Gateway notebook goes for ratings

Don't touch that dial. Gateway is trying to woo consumers with a special-edition notebook sold via the Home Shopping Network.

Don't touch that dial. Gateway is trying to woo consumers with a special-edition notebook sold via the Home Shopping Network.

The Poway, Calif.-based PC maker will officially launch the notebook, dubbed M500, on Monday. But the machine, which is based around a 15.2-inch wide-angle display, has already hit the HSN cable channel. Monday's introduction will make it available via Gateway's own Web and phone sales channels.

Targeting shoppers at home, in addition to using direct and retail sales, isn't a new strategy for Gateway or other PC makers. Hewlett-Packard, IBM and Dell Computer have pitched PCs via HSN or QVC, another cable shopping channel.

Many PC makers have turned to the cable channels or mass merchandisers like Costco in an effort to boost sales or to reach new customers. Both HP and Dell have offered PCs through Costco, for example, and HP has been successful selling several top-of-the-line PC models there.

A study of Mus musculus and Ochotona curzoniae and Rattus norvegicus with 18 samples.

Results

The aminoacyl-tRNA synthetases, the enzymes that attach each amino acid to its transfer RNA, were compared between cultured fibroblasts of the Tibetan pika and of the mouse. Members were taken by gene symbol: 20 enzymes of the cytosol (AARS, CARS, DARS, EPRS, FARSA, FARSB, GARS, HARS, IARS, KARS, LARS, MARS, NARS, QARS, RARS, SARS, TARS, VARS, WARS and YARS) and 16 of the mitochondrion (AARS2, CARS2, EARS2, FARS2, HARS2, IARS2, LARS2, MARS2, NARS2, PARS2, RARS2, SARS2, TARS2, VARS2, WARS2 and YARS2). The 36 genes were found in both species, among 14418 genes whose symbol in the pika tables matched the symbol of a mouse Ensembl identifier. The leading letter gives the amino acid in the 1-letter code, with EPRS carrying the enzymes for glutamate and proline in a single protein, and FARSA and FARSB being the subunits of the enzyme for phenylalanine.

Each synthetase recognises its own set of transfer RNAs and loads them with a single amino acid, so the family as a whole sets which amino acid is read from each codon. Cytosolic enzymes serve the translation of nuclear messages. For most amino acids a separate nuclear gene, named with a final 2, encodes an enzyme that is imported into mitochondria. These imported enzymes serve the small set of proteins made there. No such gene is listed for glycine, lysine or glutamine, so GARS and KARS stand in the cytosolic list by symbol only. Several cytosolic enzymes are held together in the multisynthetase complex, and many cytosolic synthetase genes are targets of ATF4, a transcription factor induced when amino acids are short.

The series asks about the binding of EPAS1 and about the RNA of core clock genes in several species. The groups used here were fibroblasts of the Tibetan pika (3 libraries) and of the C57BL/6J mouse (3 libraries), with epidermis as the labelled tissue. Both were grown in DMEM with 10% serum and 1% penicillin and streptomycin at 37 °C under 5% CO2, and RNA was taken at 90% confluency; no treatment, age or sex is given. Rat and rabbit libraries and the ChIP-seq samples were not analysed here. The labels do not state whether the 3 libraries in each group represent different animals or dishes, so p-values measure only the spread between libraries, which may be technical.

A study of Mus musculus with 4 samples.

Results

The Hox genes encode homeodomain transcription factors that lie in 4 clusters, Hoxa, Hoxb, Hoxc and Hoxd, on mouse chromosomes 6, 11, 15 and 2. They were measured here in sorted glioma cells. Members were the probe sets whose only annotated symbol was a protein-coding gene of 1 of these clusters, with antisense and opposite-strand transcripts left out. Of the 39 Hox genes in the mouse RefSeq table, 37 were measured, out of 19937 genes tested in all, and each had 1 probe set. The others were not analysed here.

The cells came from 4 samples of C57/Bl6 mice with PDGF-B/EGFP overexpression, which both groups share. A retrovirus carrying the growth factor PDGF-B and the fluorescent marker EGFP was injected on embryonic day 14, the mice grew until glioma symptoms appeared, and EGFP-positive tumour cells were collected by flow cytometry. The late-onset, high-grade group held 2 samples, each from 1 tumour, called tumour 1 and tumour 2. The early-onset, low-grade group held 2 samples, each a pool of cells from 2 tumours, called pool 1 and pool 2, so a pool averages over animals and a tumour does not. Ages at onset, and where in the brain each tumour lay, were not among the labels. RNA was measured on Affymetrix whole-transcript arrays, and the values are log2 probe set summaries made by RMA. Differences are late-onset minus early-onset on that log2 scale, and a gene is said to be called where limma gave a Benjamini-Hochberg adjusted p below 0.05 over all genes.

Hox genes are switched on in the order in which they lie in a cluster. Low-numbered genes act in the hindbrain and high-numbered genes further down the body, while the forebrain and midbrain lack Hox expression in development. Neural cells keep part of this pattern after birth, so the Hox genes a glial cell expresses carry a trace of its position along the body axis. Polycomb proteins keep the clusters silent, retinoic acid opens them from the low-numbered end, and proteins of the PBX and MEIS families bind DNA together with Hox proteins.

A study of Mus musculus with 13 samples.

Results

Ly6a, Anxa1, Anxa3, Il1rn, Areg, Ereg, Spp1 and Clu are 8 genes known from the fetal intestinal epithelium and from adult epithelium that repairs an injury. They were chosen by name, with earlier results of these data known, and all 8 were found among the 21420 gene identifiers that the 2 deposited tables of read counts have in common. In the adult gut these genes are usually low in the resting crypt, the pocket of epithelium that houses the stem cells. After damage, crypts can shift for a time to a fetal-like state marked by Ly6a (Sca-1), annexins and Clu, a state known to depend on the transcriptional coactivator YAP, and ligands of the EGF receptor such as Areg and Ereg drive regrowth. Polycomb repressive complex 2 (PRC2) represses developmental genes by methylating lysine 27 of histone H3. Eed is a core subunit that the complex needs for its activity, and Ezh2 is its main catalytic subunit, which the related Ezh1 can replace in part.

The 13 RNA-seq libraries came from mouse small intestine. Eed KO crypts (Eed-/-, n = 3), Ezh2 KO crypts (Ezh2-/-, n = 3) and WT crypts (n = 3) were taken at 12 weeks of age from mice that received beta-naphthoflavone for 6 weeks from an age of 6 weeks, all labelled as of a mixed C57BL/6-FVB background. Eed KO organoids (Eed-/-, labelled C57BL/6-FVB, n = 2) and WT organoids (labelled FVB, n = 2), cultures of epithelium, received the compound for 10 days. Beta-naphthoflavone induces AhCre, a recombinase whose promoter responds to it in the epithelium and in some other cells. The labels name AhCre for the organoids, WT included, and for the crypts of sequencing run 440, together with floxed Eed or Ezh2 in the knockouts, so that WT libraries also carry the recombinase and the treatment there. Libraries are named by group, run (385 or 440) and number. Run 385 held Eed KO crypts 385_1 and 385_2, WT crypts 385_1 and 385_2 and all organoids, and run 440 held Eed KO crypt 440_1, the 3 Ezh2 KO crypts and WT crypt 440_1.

HSN and QVC give the PC companies a small, but relatively easy, chance to sell more PCs because the manufacturers know ahead of time what to expect, said Steve Baker, an analyst with NPD Techworld.

"You're really talking about a fixed volume channel," he said. "You either build a limited number (of PCs) or take orders. Then you don't have to carry inventory, as PCs go directly to the customer."

For the 12-month period ending in April, HSN and QVC combined sold about 70,000 PCs, according to NPD Techworld, which tracks the retail market in the United States.

However, Gateway is also using the M500 as an experiment to test demand for special-edition notebooks. It will sell the M500 for a period of time and then replace it with a new special-edition machine, likely in the fall, executives said.

The M500 is geared toward the back-to-school season for adults and students who want a notebook that emphasizes audio and video performance. The M500's wide screen enhances playback of DVD movies, for example, while a built-in subwoofer offers better sound than a standard notebook, the company said.

As part of the experiment, Gateway is specifying the hardware for the M500. Other Gateway products allow buyers to select their own components, such as processor speed or hard drive size, at the time of purchase.

Aside from its 15.2-inch wide-angle display, the M500 incorporates a 2.2GHz Intel Pentium 4-M processor, 512MB of RAM, a 40GB hard drive, a CD burner/DVD-ROM combination drive, an Nvidia graphics board and an 802.11b wireless networking module.

The 7-pound machine sells for $1,599.